This past weekend, EMPAC hosted Daniel Teige and Volkmar Klien in Studio 1. The two-act show created by these artists was designed specifically for a 360 degree experience. It drew an interesting crowd—reeking of pot and pretension—and was sold out for the weekend, with an extra performance added on Saturday night to accommodate the small capacity of the theater. Walking into the darkened studio, one was forced to experience the concept of audience in a whole new way. Because of the 360 setup, the best audio was near the center of the studio, and audience members were encouraged to move their stools (that’s right, no comfy chairs here) closer to the center of the room. This arrangement pushed many out of their comfort zone, as they were forced into a close-knit and undefined shared space.
For the first act, Austrian artist Klien submerged listeners in a tornado of sound in his presentation of “Start-Ziel-Sieg” (start-to-finish victory). It wasn’t music—just a cacophony of pitches and noises. But arranged in such a way that when the other senses are obscured (thank you, dark EMPAC studio), the symphony of noise had an incredible effect—inducing a kind of trance-like state on the listeners. The 25-minute set flew by as listeners walked around the room, spun on their stools, or lied down to experience the sound from a different angle.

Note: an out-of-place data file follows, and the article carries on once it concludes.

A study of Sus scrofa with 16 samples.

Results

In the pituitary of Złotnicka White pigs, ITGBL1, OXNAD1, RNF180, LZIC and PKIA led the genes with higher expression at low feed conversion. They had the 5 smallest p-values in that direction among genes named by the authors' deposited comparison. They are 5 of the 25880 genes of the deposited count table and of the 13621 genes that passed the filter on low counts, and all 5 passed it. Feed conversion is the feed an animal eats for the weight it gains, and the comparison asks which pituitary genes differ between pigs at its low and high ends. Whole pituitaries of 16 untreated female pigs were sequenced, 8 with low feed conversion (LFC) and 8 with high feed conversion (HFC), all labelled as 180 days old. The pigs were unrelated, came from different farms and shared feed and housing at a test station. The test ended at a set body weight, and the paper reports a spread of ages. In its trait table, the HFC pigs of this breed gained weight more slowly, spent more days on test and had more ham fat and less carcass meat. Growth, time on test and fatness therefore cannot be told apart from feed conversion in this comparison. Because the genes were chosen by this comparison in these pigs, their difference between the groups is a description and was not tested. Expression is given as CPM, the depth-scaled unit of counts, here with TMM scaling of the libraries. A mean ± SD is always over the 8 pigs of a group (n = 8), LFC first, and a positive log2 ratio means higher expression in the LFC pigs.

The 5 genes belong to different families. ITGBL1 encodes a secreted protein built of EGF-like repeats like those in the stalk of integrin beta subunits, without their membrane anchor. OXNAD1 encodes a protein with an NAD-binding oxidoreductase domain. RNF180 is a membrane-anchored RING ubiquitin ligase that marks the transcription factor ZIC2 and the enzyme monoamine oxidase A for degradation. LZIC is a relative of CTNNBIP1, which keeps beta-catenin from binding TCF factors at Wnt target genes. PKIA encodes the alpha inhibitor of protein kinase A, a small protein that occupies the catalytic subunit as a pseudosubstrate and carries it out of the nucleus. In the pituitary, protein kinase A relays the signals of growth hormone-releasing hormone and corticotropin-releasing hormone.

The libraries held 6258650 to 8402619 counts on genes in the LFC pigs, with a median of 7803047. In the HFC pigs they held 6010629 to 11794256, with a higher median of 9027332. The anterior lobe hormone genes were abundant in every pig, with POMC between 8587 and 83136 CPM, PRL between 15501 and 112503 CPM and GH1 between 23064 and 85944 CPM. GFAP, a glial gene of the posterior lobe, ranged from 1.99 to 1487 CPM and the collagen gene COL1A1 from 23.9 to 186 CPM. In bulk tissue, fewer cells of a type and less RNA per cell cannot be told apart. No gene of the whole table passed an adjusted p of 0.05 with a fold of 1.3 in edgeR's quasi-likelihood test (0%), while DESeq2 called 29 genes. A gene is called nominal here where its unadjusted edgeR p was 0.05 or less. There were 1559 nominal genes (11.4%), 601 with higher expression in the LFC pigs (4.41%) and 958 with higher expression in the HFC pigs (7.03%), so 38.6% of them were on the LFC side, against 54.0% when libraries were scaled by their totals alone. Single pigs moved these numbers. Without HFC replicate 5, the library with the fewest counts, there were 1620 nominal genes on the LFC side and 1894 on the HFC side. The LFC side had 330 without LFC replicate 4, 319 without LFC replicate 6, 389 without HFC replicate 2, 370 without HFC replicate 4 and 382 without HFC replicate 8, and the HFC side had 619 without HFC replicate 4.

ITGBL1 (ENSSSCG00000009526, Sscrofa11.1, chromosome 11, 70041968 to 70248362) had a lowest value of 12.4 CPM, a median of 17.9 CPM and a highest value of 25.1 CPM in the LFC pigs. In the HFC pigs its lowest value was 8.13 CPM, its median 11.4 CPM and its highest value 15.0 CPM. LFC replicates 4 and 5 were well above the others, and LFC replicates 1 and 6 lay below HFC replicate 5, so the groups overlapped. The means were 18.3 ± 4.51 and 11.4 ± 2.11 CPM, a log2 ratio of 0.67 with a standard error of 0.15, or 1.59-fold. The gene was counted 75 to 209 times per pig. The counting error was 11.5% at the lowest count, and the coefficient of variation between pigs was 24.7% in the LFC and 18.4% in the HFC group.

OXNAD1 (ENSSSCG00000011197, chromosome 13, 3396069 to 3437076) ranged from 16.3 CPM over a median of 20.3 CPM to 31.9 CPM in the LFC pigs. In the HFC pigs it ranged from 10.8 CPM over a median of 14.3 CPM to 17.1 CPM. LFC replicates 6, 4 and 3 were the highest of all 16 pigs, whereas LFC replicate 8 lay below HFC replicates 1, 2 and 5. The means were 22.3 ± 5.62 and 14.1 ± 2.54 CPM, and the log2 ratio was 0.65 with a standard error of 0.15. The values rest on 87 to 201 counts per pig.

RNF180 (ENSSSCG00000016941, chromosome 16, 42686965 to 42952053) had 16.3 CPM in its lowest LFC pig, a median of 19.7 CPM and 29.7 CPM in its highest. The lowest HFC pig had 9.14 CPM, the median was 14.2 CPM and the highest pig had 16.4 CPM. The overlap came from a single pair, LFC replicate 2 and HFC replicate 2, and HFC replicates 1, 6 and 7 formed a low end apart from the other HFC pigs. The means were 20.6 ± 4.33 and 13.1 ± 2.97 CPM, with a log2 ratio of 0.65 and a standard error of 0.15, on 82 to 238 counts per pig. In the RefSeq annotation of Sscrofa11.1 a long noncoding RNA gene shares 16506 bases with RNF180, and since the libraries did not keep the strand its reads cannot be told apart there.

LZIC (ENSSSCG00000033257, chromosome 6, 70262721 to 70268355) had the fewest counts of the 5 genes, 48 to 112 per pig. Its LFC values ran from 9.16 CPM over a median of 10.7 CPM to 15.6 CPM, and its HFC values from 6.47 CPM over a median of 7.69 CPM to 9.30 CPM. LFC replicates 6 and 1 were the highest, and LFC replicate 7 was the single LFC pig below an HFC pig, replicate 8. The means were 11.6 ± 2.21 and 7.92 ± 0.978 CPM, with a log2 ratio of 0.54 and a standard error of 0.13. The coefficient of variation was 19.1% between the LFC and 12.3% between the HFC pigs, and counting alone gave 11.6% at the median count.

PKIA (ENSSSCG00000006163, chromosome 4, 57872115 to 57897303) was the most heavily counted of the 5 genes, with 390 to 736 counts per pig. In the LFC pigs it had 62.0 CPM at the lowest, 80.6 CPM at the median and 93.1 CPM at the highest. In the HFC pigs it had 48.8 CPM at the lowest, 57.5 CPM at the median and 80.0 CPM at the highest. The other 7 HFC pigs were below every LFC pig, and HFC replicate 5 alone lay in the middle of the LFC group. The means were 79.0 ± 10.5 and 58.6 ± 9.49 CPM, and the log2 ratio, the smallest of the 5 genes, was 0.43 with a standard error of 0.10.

The second act, “Parade of Artificial Things,” presented by Teige, Simon Lee, and Eve Sussman, combined visual and audio effects in the same 360 degree manner. The visuals added a lot to the technology of the 360 room. While most of the 25-minute set was composed of repeated images, the grand finale showcased a freight-train running around the circumference of the room. The sound of the train combined with the changing images truly was an impressive display.
Following the show, there was a discussion session with the artists. While this was mainly dominated by a few outspoken hippies, the mediator still gave the audience ample time to have questions answered, and the discussion was very intimate and enlightening.
The problem with EMPAC is that “experimental” means something different to an RPI student than it does to an art curator. So while these shows may very well be awesome and groundbreaking in their field, they are still a little beyond the grasp of the average engineering student. Furthermore, many of the shows that come to EMPAC are experimental performances that are still in their experimental stages, newly developed by their experimental artists who are using EMPAC as a testing ground. While there is nothing wrong with this, sometimes it turns out well, and sometimes it turns out badly. It’s all part of the experiment.
Overall, the show was a little bit disturbing and frightening. It was specifically designed to disorient and confuse the audience by robbing them of a few of their senses. And while it could still be called a good value at the student price, it may not be entertaining to most RPI students. Going to one of the more abstract shows at EMPAC requires a leap of faith from the student—hopefully they’ll go home with a successful experiment, but sometimes they’re just left fabricating data.